Although wills are often intensely personal by design, they become public record at some point after the testator -- the person the will belongs to -- dies. Before that time, they are not legal documents and are the private property of the testator. With a few exceptions, wills are usually required to be filed with the court for the probate process. Once the court has possession, wills begin channeling through the probate process, are eventually filed and become available for public access.
Wills are often filed with the court nearest the residence of the deceased person at the time of her death. If she had two homes in different cities, counties or states, such as a summer home and a winter home, one was probably considered her permanent residence and the other was not. Once it is public record, the county clerk's office is a good starting point for locating a will. If the will is not public record at the courthouse closest to where she is believed to have lived, it may be filed with the court nearest her other home. Some states allow citizens to file wills with the county clerk for safekeeping before the testator's death. Those wills are not public record.
Wills are not always available for viewing immediately after a person dies. The probate process takes time, and they may not be at the public’s disposal until after the estate is settled. If the estate is complex, probate could last a year or more. If the will is contested, even more time may be required before issues are resolved and the estate is closed. Laws and practices vary by state. If the will is not public record at one time, it should be available at a later date.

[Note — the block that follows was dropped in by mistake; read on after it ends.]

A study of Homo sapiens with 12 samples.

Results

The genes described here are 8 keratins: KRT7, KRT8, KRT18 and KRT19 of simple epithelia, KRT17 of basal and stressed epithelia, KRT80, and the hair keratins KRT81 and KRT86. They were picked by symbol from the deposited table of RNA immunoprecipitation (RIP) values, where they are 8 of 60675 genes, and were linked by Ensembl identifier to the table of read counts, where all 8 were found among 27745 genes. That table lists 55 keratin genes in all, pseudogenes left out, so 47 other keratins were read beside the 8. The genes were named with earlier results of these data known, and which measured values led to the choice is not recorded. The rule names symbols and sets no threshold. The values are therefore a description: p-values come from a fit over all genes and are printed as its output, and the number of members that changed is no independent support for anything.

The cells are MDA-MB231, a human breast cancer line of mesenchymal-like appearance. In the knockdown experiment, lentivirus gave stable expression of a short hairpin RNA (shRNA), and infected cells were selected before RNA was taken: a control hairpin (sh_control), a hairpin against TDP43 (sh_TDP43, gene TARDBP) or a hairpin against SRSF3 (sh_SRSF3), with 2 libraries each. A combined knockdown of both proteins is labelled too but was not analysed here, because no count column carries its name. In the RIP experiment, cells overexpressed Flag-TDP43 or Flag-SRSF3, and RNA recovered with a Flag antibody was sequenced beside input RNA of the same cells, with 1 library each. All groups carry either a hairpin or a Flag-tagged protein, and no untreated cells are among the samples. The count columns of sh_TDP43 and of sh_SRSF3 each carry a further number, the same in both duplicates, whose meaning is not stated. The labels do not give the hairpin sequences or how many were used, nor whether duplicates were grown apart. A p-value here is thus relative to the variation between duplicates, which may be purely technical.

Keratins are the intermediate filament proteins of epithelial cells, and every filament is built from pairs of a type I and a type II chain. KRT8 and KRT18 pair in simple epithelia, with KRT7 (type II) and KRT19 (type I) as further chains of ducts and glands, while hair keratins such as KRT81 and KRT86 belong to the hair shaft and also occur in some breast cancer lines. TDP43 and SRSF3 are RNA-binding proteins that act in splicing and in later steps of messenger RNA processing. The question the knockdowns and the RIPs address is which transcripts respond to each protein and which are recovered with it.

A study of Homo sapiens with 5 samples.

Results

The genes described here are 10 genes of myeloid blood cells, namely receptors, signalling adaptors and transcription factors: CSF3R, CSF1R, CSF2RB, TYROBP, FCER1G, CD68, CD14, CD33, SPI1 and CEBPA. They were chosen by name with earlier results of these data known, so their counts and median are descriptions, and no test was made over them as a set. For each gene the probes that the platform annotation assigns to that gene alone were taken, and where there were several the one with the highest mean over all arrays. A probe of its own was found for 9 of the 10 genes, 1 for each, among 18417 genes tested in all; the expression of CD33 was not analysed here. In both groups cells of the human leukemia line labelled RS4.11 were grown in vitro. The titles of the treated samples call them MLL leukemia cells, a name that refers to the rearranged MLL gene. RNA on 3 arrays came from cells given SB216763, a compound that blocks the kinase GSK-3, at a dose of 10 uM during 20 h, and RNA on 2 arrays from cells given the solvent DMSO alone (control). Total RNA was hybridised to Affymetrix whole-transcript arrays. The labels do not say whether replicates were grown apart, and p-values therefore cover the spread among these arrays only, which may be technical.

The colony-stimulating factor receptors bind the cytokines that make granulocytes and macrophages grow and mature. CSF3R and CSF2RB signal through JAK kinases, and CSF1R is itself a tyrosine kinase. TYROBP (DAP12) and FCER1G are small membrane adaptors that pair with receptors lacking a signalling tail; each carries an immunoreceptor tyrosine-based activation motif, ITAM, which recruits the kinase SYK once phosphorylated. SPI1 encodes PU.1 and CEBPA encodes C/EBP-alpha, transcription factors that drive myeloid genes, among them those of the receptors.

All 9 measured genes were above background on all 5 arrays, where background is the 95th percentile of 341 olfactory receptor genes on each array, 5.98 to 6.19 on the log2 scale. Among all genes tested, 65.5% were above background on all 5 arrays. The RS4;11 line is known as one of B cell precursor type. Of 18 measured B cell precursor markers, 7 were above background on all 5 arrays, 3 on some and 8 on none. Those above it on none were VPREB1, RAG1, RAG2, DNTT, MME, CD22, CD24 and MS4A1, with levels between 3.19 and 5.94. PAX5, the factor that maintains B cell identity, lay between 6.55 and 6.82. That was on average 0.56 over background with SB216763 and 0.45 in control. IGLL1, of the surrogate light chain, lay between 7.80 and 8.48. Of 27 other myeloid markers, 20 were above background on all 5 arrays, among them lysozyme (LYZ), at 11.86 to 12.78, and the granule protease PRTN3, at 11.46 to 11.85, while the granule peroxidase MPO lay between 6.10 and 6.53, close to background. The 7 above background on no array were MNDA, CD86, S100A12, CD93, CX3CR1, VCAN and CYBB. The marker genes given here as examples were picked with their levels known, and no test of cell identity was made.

Just as laws vary by state, so do the formalities for accessing another person’s will. Courthouses in small towns may keep relatively small and informal records rooms with only one custodian or clerk in charge. Larger courthouses may have a series of records rooms with numerous attendants overseeing operation. A photo ID may be required, and you may be asked for other information to enter in a log or visitor’s book before releasing a will for viewing. Some courthouses keep wills in large binders with other wills that became public record near the same time. In those cases, they may also provide a table or desk to make handling the binder less cumbersome. In many cases, copies of wills are available for a small fee. The attendant will likely be the person to make the copy to help prevent damage to original documents. More modern facilities record wills digitally to prevent handling of original documents.
Locating Old Wills
Finding an old will from several generations past is often difficult, and sometimes impossible. Some very old wills may be archived at a different location than the clerk's office. In many cases, wills more than 50 years old are preserved on microfilm with the original documents stored elsewhere. Some courthouses have public-use viewing machines for inspecting will images stored on microfilm. Locating a will from more than 100 years ago can require a significant amount of patience, persistence and travel. Genealogy societies that research old records may be of more assistance than a courthouse in those situations.
Carole Oldroyd, a writer based in East Tennessee, has authored numerous DIY home improvement, Human Resources, HR and Law articles. In addition to holding a degree in paralegal studies, she has more than 10 years of experience renovating newer homes and restoring historic property.